New Delhi: Net household financial savings dropped to a multi-decade low of 5.1% of the gross domestic product (GDP) in 2022-23. In addition, annual financial liabilities of households rose sharply by 5.8% of GDP compared with 3.8% in FY22.
According to the Hindu BusinessLine, from 2011-12 to 2019-20, the financial savings of the household sector have moved in a narrow range of 7-8% of Gross National Disposable Income (GNDI). In 2020-21, it touched 11.3% during the COVID-19 period; however, that was a lone exception. In 2021-22 the financial savings of household sector was 8.3% of GDP.
The finance ministry has dismissed the ‘critical voices’ on household savings, arguing that households have started taking loans for real estate and vehicles which is a sign of ‘confidence’, not ‘distress’.
So, how serious is the fall in household savings?
To understand this argument, note that the economy’s financial dynamics can be categorised into three main sectors: the household sector, the government sector, and the corporate business sector. Each of these sectors play a distinct role in the economy’s overall financial health.
The household sector, by nature of saving more than it borrows, accumulates surplus savings, which can then be channeled into investments, lending, and capital formation. In contrast, the government and corporate business sectors often need to borrow to finance their activities, leading to deficits in their respective financial positions.
In this context, C. Rangarajan, former chairman, Prime Minister’s Economic Advisory Council, and former RBI governor and D.K. Srivastava, former director and honorary professor, Madras School of Economics, said:
“The reduction in the net financial assets rate is primarily due to a rise in financial liabilities. There can be many interpretations of this rise. An optimistic interpretation of this rise in the borrowings of household sector which also includes non-corporate businesses is that this sector is buoyant and has borrowed more. Nevertheless, the fact is that net financial savings ratio of the sector has come down.”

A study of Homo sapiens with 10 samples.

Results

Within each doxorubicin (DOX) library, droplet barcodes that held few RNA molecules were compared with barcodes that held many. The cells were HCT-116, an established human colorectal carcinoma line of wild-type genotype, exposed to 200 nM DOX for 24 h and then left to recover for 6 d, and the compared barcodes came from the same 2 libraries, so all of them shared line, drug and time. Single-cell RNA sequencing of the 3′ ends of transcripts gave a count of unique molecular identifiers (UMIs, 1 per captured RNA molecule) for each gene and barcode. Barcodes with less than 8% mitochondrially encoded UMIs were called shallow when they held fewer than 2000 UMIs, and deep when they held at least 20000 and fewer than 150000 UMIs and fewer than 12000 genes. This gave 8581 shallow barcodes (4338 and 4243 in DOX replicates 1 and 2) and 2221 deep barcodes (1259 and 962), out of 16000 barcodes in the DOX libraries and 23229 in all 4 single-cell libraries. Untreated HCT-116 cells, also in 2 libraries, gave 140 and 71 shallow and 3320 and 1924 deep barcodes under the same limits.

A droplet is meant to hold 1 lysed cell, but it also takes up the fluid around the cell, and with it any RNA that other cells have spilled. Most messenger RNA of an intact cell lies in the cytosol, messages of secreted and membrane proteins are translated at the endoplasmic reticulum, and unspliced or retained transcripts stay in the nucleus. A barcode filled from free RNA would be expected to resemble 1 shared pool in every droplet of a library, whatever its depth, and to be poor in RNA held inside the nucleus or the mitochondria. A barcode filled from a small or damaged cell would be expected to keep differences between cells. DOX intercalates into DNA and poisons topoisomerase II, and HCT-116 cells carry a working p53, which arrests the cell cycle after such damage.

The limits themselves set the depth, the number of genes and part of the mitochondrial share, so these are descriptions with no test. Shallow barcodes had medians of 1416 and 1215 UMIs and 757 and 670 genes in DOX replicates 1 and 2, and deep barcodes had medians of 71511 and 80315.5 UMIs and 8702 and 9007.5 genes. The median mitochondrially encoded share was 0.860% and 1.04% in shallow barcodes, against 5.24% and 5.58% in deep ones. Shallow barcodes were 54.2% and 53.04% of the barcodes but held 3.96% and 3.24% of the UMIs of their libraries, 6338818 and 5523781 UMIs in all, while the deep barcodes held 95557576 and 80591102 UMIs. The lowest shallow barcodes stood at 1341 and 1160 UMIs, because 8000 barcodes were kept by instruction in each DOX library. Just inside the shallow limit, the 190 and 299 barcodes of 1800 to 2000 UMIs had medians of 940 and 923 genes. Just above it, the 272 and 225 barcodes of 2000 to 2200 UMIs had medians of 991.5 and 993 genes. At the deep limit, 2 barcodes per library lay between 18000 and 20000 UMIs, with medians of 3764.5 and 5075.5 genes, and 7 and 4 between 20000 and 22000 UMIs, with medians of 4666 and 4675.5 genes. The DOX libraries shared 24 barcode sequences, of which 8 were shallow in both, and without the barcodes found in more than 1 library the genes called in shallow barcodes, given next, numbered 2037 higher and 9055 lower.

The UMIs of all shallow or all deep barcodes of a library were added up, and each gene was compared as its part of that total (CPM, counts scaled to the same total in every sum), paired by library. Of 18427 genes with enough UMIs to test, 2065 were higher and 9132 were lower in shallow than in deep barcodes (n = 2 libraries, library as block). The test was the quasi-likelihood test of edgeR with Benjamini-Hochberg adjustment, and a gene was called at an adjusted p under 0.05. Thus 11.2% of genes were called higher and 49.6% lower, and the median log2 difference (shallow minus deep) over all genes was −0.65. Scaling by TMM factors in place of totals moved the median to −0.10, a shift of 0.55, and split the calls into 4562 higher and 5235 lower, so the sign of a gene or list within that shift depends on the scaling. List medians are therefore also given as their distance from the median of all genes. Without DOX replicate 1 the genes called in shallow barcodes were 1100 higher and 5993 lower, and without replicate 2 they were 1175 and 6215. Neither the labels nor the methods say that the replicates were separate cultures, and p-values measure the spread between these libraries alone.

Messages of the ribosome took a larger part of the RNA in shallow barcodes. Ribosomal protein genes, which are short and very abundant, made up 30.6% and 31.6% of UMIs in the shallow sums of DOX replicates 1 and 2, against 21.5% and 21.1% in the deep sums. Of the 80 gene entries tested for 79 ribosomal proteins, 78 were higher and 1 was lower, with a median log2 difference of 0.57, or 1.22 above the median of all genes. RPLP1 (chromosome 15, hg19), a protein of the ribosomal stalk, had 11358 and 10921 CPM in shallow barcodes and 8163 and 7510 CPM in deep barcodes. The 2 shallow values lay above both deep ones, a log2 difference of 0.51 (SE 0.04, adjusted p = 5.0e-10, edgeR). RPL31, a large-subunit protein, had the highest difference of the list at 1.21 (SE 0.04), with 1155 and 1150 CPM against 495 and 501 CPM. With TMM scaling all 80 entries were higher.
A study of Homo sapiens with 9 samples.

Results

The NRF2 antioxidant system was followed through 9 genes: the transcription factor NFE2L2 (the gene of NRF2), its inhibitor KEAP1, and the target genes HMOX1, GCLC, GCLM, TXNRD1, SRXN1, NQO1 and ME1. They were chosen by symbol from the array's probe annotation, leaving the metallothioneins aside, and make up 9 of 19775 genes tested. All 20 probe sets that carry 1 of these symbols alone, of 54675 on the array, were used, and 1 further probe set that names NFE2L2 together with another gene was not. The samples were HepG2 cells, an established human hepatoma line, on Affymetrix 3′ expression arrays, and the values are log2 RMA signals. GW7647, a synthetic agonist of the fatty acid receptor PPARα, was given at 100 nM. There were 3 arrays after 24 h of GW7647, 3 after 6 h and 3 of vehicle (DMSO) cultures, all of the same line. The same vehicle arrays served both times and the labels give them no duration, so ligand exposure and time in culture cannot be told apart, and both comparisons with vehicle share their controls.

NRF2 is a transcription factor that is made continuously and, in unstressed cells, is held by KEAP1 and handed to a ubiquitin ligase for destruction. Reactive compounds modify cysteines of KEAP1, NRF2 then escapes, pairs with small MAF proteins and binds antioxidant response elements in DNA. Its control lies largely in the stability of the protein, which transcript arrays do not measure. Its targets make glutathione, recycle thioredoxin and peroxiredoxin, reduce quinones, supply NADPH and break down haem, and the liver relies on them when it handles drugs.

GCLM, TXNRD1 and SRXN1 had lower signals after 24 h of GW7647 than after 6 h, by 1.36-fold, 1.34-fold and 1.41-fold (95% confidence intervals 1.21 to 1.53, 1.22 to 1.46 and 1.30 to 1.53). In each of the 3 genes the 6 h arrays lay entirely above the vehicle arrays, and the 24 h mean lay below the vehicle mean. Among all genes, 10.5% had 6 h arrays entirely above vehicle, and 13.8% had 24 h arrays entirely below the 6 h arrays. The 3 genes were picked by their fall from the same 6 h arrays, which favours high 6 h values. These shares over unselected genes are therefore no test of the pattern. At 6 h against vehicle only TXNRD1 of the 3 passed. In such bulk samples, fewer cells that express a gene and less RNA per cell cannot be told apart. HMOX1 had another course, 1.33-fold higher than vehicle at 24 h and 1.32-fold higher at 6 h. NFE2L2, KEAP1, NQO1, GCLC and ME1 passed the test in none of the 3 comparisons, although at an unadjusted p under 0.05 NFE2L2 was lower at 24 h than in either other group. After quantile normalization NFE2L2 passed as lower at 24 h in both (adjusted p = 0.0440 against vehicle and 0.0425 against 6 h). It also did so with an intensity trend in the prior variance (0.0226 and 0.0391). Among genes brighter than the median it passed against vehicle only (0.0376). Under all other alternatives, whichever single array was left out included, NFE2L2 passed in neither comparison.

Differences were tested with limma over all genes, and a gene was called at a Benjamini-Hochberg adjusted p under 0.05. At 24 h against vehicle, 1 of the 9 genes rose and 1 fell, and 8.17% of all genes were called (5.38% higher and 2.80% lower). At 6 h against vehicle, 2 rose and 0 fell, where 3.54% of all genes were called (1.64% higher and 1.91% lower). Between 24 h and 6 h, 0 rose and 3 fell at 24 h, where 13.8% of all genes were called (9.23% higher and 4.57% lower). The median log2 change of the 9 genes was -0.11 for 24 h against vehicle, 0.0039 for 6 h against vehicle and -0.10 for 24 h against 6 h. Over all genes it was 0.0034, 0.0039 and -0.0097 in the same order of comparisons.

“That is, the transferable savings ratio of the economy has come down and this will affect the borrowing programme of government and corporate sector.”
These household financial assets include bank deposits, cash and equity investments, after deducting debt servicing and consumption.
India’s government relies on these savings to fund its capital investments in physical assets like infrastructure, machinery, and equipment.
The authors explain the problems the economy will face due to low household savings, saying that “the rule that the acceptable level of fiscal deficit of the Centre and the States taken together can be 6% of the GDP is based on the assumption that household savings will be around 7% of GDP and the net inflow of resources from abroad will be around 2.5% of GDP.”
This gives a borrowing space of 9.5% of GDP. This borrowing space could be shared by the government to the extent of 6% of GDP, and by the public sector enterprises to the extent of 1 to 1.5% of GDP. The remaining borrowing space of 2 to 2.5% is left for the private corporate sector.
However, “if the savings rate of the household sector fell to 5% of GDP permanently, we cannot have the 6% rule.”
The authors say the fiscal deficit will have to be lower. And this situation will put the budgets under a stress.
They further note that if financial liabilities are to rise, gross financial assets of household sector should go up.
Although there’s no direct way to calculate savings, but if at the end of computations, the estimate is that savings are down, it is a matter of concern, they concluded.
This concern was also echoed by Saugata Bhattacharya economist at Axis Bank Ltd. He told Bloomberg: “Household financial savings not keeping pace with growth is a matter of concern. Without adequate domestic savings, funding the needed investment will require large foreign capital, which is often volatile.”
To achieve India’s projected GDP growth of 6.1% in the current fiscal year ending March, the government needs to sustain investment spending, and not just rely on private consumption fueled by debt as an engine of growth, Bloomberg noted.
It further observed that the rise in financial liabilities with falling assets levels could be a sign of rising inequality.
“The household sector is consuming by borrowing more,” Rupa Rege Nitsure economist with L&T Finance Holdings Ltd told Bloomberg.
“This happens when income level stays stagnant but inflation creeps up. The recovery is not broad-based — while a section splurges on luxury goods, others are borrowing to stay afloat.”